How should greenhouse growers get the best use out of their biopesticide toolkit?
- 20 May, 2019
- Rachel Anderson for GreenTech
As Dr Andy Brown, secretary of the IBMA (International Biocontrol Manufacturers Association), and managing director of biological control specialist Andermatt UK, revealed: “The biocontrol market is growing at about 19% a year in the UK, compared to the synthetic chemical industry – [which is growing at] 2% or 3%. Admittedly, its starting at a smaller value but it shows you how much the industry is changing.” Brown was speaking at an AMBER (Application and Management of Biopesticides* for Efficacy and Reliability) event in Warwickshire, UK, earlier this year. Then, he pointed out that there are more, biological active ingredients being registered by European crop protection legislators than synthetic chemicals. From tougher safety rules to the evolution of resistance in target pests and diseases, there are many reasons why the availability of synthetic chemical pesticides is dwindling. Whilst there are now more biopesticides to choose from, growers are finding that these products can give inconsistent results. The University of Warwick’s Dr Dave Chandler, who is leading the five-year, Agriculture and Horticulture Development Board (ADHB)-supported AMBER project, explained that the research is aiming to provide growers of protected (greenhouse) ornamental and edible crops with some of the underpinning knowledge they require. Chandler explained: “The crop type affects the development of the pest. On some types of crop the biopesticide will work better as it’s got longer to kill the pest because the crop slows down its development. We are dealing with a multiplicity of crop types. So, what we are doing in AMBER is using [and developing] mathematical models so that we can understand these processes, interact with the speed of development of the pest –and the biopesticides – so that we can identify optimum strategies for their use.”
“The right dose in the right place at the right time”
Having closely observed the practices of some growers, the AMBER team has so far confirmed that “timing is everything”. Chandler therefore advised growers to apply biopesticides “in the Goldilocks zone” – namely, when the conditions are “just right” (as was the temperature of the fictitiousbowl of porridge in the fairy tale Goldilocks.) Using powdery mildew control as an example, Chandler said: “You want to apply your biofungicide at exactly the right time. If there’s just a small amount of powdery mildew it [the product] will survive on the host. But if there’s too much mildew, it won’t be able to control it.”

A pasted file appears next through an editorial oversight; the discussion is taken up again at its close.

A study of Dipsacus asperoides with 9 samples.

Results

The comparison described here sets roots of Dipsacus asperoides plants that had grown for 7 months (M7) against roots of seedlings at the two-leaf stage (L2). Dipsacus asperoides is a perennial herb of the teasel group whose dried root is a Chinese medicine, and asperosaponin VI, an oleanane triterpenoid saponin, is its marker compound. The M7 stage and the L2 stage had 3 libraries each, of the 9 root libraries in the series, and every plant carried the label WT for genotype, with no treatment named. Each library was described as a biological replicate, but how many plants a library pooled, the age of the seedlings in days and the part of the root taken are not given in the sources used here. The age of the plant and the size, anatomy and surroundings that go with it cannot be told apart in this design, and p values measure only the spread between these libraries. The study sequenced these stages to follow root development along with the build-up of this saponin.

Another key observation is that growers must also “get the right dose in the right place at the right time.” Chandler explained that biopesticides are sensitive and can be damaged by chemical residues in spray tanks. “I’m going to moan at you. You are not checking your nozzles, cleaning your tanks, calibrating, or doing proper maintenance on your sprayers.” He added that applying the biopesticides at high volumes is causing run-off. “If you are not applying the correct volume you are wasting your product and that will result in inconsistency and lower efficacy.”
Clare Butler Ellis from the UK’s Silsoe Spray Application Unit emphasised that her trials for the AMBER project, which finishes next year (2020), found that water volumes greater than 100 litres per hectare did not improve the distribution of spray over the plant. Other advice to growers from the AMBER scientists includes storing these products correctly and, if they are unsure of their biopesticides’ compatibility with other elements of their integrated pest management (IPM) programme (such as beneficial insects), then it’s wise to leave as long an interval as possible between their application and their next introduction of predators.
They should carefully read the labels of their biopesticide products and speak to their supplier or manufacturer if they have any queries on when, and how best, to apply them.
* Biopesticides include products that are based on living organisms or natural substances, such as plant extracts and semiochemicals (such as insect sex pheromones).